Peter Morville's bi-weekly column on the evolving definition of information architecture

Defining Information Architecture

What is information architecture? Is it a nascent field or a flash in the pan? What does an information architect do? Are you an information architect? Am I? Is that the right label for our discipline? Do labels and definitions matter?

On the weekend of April 8, 2000, a remarkable group of roughly 350 people came together as participants in ASIS Summit 2000 to debate the answers to these questions (and of course, to question the questions themselves).

This was a watershed event in the field of information architecture, not because we answered important questions, but because it was the first large-scale gathering of the community of information architects.

An Eclectic Gathering

Don't get me wrong. This was not a gathering of consistently formatted, shrink-wrapped information architects speaking with a unifying controlled vocabulary. On the contrary, this was an extremely diverse collection of speakers and attendees.

They came from universities, Fortune 500 corporations, dot.coms, libraries, professional service organizations and e-commerce consulting firms. They called themselves customer experience analysts, interaction designers, digital librarians, and information scientists.

There was an attendee with the title "Goddess of Information Architecture" and a speaker, Richard Greenfield from the Library of Congress, who revealed his entrepreneurial plans to become an "information pimp" focused on satisfying people's information desires.

Diverse Perspectives

Some argued that "information architecture" is the wrong label, suggesting that we're simply putting two old terms together (e.g., "horseless carriage") in a vain attempt to describe something completely new. Others argued that labels don't matter and that we should just get on with our work.

Seth Gordon stirred things up by suggesting that a serendipity-enabling bookstore with massive jumbled piles of books all over the floor may be a better model for the information architecture of web sites than the structure and organization of the traditional library.

Peter Merholtz took it a step further, encouraging people to avoid the tyranny of the megalithic top-down hierarchy that's been thrust on us by the evil, power-mongering library community.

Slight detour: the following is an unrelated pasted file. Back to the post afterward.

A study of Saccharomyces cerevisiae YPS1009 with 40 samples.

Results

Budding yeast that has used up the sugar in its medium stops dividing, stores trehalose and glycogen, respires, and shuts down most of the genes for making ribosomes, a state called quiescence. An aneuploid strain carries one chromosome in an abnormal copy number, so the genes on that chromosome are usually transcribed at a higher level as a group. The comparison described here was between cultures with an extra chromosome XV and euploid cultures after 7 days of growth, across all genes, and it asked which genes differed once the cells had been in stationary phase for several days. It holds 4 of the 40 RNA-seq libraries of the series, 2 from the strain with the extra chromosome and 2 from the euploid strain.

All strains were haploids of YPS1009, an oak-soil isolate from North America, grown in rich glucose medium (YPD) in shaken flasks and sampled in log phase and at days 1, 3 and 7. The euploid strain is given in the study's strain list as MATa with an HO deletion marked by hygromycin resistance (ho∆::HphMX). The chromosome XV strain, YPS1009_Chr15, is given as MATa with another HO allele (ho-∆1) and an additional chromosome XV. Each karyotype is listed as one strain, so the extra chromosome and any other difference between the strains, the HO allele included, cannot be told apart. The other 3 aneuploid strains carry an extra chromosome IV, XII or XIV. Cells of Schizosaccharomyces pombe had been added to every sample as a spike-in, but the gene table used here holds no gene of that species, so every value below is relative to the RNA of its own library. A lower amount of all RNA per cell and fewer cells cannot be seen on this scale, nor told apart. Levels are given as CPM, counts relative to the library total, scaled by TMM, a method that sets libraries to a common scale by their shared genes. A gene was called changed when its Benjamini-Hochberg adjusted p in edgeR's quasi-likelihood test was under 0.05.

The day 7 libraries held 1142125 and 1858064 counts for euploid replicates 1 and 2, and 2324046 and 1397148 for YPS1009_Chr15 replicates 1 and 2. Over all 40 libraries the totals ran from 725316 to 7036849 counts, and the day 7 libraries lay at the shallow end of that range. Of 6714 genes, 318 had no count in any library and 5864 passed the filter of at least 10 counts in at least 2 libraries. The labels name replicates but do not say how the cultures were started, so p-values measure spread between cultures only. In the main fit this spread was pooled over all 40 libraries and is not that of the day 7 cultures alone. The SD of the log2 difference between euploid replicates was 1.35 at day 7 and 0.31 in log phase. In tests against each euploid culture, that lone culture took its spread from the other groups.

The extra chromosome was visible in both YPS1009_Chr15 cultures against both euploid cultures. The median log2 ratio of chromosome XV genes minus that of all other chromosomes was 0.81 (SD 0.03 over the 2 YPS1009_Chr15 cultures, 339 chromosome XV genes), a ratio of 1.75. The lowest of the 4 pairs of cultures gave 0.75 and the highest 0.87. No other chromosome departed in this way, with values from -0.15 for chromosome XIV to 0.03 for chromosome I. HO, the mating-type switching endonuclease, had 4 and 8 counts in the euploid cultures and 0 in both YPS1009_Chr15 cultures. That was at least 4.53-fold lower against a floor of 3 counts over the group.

And an indignant librarian, Roy Tennant countered, noting that librarians have been among the biggest proponents of multiple access paths to information. Roy went on to posit the iterative, interactive question-and-answer approach of the traditional library reference interview as a powerful model for information architecture.

The wonderful thing about this conference was that people with such divergent perspectives were able to engage in a fascinating, humorous, and constructive dialog about the definition and nature of information architecture...and no chairs were thrown. I'm already looking forward to the next ASIS Summit on Information Architecture.

Personal Reflections

The ASIS Summit convinced me that the field of information architecture is becoming both narrower and deeper at the same time.

As designers and architects such as Andrea Gallagher (Scient), Clement Mok (Sapient), Karen McGrane (Razorfish), and Steven Ritchey (marchFirst) discussed the role of the information architect within their multi-disciplinary project teams, it became clear that the practice of information architecture is becoming increasingly specialized.

In teams that can include visual designers, interface designers, navigation designers, information designers, and interaction designers, the information architect is free to focus on the structure and organization. As corporations increase their willingness to invest in these larger, more sophisticated web and intranet design teams, this trend toward specialization will continue.

At the same time, the community and the practice of information architecture are growing deeper and richer. The success of this conference, the numbers of position announcements, and the demand for high-end consulting services all suggest that the information architecture community is finally beginning to flourish.

And the composition of web and intranet design projects is moving beyond a singular focus on top-down hierarchy design into the deep information architecture of thesauri, controlled vocabularies, and metadata schemes. These are exciting times for information architects.

Strange Connections

This brings me to the title of this column, "Strange Connections," a term that I first used for my presentation at the ASIS Summit.

I saw this conference as a forum that brought together strangers from many disciplinary perspectives and encouraged them to connect with one another, creating opportunities for learning and relationship building.

And I see information architecture design as another means to create learning and relationship building opportunities. When we create unusual relationships between people or products or ideas, we create a tension that invites learning.

For example, George Lakoff purposefully entitled his book, Women, Fire, and Dangerous Things to provoke curiosity. It begs the question, what is the relationship between women and fire and dangerous things? Well, if you spend the time to find the answer, you'll learn a great deal about cognitive science, linguistics, categorization, and Australian aboriginal culture.

Through this column, I hope to make my own strange connections between people and products and ideas, in an ongoing attempt to explore the breadth and depth of the evolving definition of information architecture.

End Notes

Please send your rants and raves to Peter Morville.